The kid takes the podium. He has bucked teeth and hair combed to one side. A young woman in a gown is standing by. She helps people on and off the stage. The crowd, the well-dressed men and women and children, the prominent doctors and the matrons in their horn-rimmed glasses all smile indulgently. He announces he will read a poem. A few people chuckle. The teenaged boy in the back rolls his eyes.

"Hafta groan!
I go home!
How much does your mother moan?"

While the crowd puzzles over this, looks for the link to fundraising and medical research and Finding a Cure, the boy turns to the accoutremental woman. "May I see you pee?" She tries not to look too shocked. The funny-looking kid laughs and laughs.

"Penis! Vagina!"

She tries to get him off the stage. He only tightens his grip on the mic and begins swearing.

"Poo-poo! Titties!"

The audience keeps the outrage in check, but they're feeling it all right, wondering why they're being held hostage by this little maniac who appears to be experiencing both a Tourette's outburst and a cocaine rush. A few of the older kids hide their smirks. After speeches and an older generation's idea of music, this has been the best entertainment so far.

He screams his final "fuck!" as attendants drag him off the stage. From the wings we hear faint, fading singsong: "Oh, The Tampon Man, the Tampon Man...."

The MC returns and hopes to restore order.

It didn't start out this way. Oh no. No. It began, as a matter of fact, when I was diagnosed, and set my course to Dee and Char's place.

NEXT-->
Although I'm in no way "afraid" of aging, and am NOT going to do the ridiculous thing many (women, especially) do of turning "29 again" for years... I'm not really looking FORWARD to turning 30 on Saturday.

Somewhere in my head is the feeling that I've got to be a "real" adult now, or "grow up", or... maybe that I don't have an excuse for making stupid mistakes and bad decisions anymore because I'm no longer a 20-something.    It feels like a major transition for me somehow.

Maybe it's the feeling that I should have done more with my life by now, or been further along with things.  Some of that is upbringing, that I should be a doctor or a lawyer by now, not a college dropout, or the idea that being a 20-something with no degree is "ok", but being *30* without one is somehow shameful.

Any words of wisdom, advice, blessing, or encouragement, oh internets?

Wuukie's turning 30 celebration trepidation immediately struck me with two memories.

I was in my early twenties and bumbling about life, finally emerging from a cloistered familiar environment into the confusing but invigorating world of reality; of friendship, love, interaction and experience. One of these friends invited me to her 30th birthday party at her rented house on the beach with her boyfriend and dog. She'd already been around the world a few times (literally) and was finally settling into a career as an artist and a writer, finally starting her studies, and looking forward to it, yet completely afraid of how it would constrict her.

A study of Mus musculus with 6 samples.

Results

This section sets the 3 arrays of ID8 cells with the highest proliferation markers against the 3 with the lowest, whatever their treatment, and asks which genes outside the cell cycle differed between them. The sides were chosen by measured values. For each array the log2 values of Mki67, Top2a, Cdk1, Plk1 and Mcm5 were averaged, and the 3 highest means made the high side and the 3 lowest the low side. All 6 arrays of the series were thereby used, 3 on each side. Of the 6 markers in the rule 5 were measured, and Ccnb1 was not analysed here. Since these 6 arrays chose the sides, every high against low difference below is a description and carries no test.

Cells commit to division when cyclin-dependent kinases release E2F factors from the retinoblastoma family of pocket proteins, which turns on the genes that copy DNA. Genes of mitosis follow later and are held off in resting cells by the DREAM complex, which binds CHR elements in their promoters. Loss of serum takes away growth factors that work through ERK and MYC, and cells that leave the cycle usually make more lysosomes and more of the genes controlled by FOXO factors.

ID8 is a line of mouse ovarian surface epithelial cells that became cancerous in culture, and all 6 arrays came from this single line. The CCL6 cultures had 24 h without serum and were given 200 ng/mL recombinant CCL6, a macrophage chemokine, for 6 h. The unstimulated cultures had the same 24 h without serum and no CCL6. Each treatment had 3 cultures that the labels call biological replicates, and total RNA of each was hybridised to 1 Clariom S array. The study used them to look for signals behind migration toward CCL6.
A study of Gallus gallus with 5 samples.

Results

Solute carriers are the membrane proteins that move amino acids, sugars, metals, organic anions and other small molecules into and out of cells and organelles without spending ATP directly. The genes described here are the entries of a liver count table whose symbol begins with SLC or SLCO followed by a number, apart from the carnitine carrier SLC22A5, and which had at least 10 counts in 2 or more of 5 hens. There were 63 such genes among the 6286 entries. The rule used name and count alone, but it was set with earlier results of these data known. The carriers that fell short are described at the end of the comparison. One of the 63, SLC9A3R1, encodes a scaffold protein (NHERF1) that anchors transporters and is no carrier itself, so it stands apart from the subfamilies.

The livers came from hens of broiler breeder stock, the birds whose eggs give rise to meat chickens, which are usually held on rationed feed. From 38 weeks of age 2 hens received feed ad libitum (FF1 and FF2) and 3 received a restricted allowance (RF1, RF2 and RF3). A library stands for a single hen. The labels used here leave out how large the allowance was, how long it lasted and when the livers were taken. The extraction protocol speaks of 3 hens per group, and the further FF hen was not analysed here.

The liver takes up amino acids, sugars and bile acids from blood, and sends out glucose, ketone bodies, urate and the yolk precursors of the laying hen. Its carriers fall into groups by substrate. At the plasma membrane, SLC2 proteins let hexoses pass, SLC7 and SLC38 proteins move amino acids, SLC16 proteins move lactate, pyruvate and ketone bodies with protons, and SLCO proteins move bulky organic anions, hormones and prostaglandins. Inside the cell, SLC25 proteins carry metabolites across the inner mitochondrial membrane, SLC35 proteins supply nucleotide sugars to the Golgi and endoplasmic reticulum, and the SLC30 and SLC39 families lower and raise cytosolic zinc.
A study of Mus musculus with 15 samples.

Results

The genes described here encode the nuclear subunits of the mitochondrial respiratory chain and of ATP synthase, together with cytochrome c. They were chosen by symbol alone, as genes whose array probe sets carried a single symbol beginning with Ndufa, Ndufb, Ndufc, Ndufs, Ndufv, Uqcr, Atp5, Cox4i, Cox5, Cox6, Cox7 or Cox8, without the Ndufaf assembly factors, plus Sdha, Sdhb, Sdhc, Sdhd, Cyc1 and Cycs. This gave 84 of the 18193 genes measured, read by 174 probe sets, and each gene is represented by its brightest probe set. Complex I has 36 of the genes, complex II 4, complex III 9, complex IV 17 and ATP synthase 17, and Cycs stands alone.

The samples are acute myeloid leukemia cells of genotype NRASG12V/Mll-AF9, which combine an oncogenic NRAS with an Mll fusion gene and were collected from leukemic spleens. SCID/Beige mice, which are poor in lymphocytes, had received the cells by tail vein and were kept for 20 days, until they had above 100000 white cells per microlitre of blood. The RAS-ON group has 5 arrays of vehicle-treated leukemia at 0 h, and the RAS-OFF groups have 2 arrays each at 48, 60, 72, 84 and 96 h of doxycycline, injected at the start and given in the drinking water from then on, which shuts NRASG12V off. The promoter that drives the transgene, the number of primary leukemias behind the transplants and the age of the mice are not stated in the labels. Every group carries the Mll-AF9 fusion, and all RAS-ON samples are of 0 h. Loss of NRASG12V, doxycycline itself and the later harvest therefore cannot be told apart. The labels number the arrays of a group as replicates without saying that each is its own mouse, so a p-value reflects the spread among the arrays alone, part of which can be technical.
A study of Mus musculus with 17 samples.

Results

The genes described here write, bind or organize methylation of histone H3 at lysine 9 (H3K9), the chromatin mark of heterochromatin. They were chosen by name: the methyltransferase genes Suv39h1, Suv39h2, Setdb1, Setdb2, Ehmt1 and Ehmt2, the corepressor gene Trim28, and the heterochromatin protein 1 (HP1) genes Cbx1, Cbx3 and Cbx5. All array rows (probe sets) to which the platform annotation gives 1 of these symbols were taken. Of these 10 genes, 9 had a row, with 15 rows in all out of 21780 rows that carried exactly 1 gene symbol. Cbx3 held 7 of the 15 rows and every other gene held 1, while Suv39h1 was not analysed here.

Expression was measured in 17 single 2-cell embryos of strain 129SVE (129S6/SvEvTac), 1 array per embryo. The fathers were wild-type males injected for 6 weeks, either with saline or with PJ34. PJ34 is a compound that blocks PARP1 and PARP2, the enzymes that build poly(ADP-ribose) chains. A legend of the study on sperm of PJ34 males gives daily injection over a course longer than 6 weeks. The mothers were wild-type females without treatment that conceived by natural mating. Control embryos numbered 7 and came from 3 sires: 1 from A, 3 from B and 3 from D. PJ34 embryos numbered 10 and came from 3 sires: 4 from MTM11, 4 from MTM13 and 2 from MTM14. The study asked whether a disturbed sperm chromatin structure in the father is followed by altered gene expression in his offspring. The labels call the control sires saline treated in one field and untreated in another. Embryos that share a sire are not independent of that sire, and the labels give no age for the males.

So she tried a silly ritual. She had invited all the people that were the most important to her right then (there were 6 of us). We all made masks from sheets of vanilla scented and coloured paper and decorated them with glitter, paint, crayon. We went out on the beach to a campfire and had a wild rumpus, drinking wine. My mask was a crudely made beaked thing with a top hat. Our host’s boyfriend did a Bart Simpson, while she had made a domino with phoenix leaping from it. Even the dog had a happy grring mask. Then we all made a wish and burned the masks.

When I turned 30, I wanted to die.

Life sucked. In the months before I turned 30, I’d kicked a drug habit--having to move from my hometown and all my friends to do so--been dumped by my girlfriend, had lost a stable job and was couch surfing at friends’ houses. I had lost everything, and had nothing to look forward to. The only people I could depend on were friends I’d made in my brief time in a new city, who let me have a place to crash to sort myself out.

My brother lived near the city and had promised to pick me up so I could hang out with him and his family that night; he forgot and never showed up. I headed ‘home’ but got dragged by a couple of people there to see a band two other friends were in. A raffle was being held and someone bought me a ticket. I won the raffle and the prize was this:

They buried me on stage. I was placed in a wooden coffin which was ‘hammered’ closed, carried around the audience, then ‘lowered’ into a grave, with a sermon, ‘testimonials’ and wailing admirers. Dirt was flung on me, then covered me (all an aural illusion for my benefit.). The stage was closed, and the coffin carried away. The troupe that had put this on opened the lid, smiling down at me. They asked if I wanted to get out.

I did. (sometimes when they did this, they told me, some people asked to stay in for a while longer).

A couple days later I got a birthday package from a girl I fancied on the internet. Inside was a leaf from the London Zoo. A couple years later, I proposed to her there in front of the giraffes.

...

Been around the world a few times.

Log in or register to write something here or to contact authors.